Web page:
Have you ever experienced a stalling engine, accessory malfunction, battery warning light or dimming headlights? In most cases, either the car battery or alternator is faulty.

 An alternator supplies the vehicle with DC power and when it comes to the charging system of a vehicle, the alternator is of significance and goes further to charge the car battery while powered by the engine.

There are various ways to test your alternator.

Testing your alternator by disconnecting the battery can be unsafe. It was a method used long ago. However, it is unsafe considering this action will cause the alternator to put out maximum work resulting in excessive heat, which will shorten the life of the alternator or even damage it. Disconnecting the battery to test the alternator also results in more voltage production of 150 volts spikes, damaging electronic equipment since the cushion which is the battery is absent 

Safety precaution is mandatory in every method stated, and one should also follow the rules provided in the vehicle manual concerning alternator testing.

Safe ways to test an alternator include ...

Using a Multimeter

A multimeter is a handheld device used to measure or test various electrical properties. 

When using a multimeter to test your alternator, the following steps come in handy:

  • Get a high-quality multimeter.
  • Connect the multimeter prongs to the terminals of the battery, positive to positive and negative to negative while the engine is off and the car battery is fully charged.  
  • With the vehicle off and all accessories, take a reading. The reading of the voltage should be approximately 12.7 volts (12.5 to 12.8 volts).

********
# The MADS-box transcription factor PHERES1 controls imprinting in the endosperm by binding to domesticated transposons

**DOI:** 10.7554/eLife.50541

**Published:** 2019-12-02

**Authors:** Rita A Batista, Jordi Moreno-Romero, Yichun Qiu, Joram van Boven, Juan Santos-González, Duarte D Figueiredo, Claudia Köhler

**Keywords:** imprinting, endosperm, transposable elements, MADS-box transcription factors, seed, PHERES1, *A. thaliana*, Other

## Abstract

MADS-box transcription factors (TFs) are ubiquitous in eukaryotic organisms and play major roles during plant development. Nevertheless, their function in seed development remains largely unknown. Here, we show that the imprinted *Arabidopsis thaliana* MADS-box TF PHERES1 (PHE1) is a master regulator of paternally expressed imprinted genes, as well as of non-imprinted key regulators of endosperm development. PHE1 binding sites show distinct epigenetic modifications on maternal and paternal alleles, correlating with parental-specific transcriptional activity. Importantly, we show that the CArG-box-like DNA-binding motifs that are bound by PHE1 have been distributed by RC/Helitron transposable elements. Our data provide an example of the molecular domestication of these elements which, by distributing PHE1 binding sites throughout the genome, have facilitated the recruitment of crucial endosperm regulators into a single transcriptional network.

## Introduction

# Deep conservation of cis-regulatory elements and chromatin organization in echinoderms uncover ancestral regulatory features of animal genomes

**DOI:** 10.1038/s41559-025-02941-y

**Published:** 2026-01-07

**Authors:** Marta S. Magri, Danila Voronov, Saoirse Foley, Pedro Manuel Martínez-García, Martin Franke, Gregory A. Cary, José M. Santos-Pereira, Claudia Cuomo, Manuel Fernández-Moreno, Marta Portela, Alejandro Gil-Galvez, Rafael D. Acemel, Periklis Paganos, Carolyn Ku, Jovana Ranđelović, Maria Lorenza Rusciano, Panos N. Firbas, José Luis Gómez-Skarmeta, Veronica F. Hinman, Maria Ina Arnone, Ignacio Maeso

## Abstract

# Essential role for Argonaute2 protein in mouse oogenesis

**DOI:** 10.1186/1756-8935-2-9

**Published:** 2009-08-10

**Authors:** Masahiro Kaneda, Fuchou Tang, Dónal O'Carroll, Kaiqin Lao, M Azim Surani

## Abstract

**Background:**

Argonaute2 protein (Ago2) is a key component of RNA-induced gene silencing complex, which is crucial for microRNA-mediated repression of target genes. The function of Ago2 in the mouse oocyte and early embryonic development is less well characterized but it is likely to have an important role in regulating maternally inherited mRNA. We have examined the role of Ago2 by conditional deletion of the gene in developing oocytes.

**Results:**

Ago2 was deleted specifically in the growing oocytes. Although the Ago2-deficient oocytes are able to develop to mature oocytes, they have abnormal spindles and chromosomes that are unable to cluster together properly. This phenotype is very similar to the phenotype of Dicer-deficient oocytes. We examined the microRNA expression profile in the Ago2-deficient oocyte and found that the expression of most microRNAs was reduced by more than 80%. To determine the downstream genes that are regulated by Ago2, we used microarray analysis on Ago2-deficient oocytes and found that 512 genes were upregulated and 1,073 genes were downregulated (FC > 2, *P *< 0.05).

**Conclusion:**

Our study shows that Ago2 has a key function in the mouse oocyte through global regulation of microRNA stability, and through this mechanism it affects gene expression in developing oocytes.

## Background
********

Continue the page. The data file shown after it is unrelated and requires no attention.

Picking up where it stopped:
• When the engine is on, the reading should be around 14 volts.
  • When the accessories are on, the voltage reading should be 13 or more. If not, this may imply that the alternator is not charging the battery effectively.
  • In the situation that everything is off, the reading should be around 12.8 volts.


Using a Rust-free Screwdriver (Magnetic Test)

When using a rust-free screwdriver, one should observe safety by wearing insulating gloves, and you should not be wearing hanging clothing or leaving your hair hanging.

Hold the tip of the screwdriver near the bolt holding the alternator pulley wheel. There should be no pull. 

Afterwards, use the screwdriver to touch the pulley bolt when the car or truck's ignition and dashboard lights are on, but the vehicle has not started. There should be a strong magnetic pull on the screwdriver. Failure to observe any magnetic pull shows that either the regulator or alternator is faulty.


Observing Your Vehicle’s Internal and External lights

Dashboard lights flickering or the headlight dimming may signify a faulty alternator. 

Finally, another method is to take the battery and alternator to a dealership or auto parts store where they can use proper load testers to determine if your battery and alternator are functioning effectively. One can also carry out a “full-filled” test.

Alternators are of significance to running your car or truck, and knowing the above methods can come in handy in case of a quick diagnosis.  


Written by:
#MenWhoBlog MemberBlogging GuruThought Leader

James' passion for exploration and sense of duty to his community extends beyond himself. This means he is dedicated to providing a positive role model for other men and especially younger guys that need support so that they can thrive and be future positive contributors to society. This includes sharing wisdom, ideas, tips, and advice on subjects that all men should be familiar with, including: family travel, men's health, relationships, DIY advice for home and yard, car care, food, drinks, and technology. Additionally, he's a travel advisor and a leading men's travel influencer who has been featured in media ranging from New York Times to the Chicago Tribune, and LA Times. He's also been cited by LA Weekly "Top Travel Bloggers To Watch 2023" and featured by Muck Rack: "Top 10 Outdoor Journalists for 2022".

He and his wife Heather live in St Joseph, Michigan - across the lake from Chicago.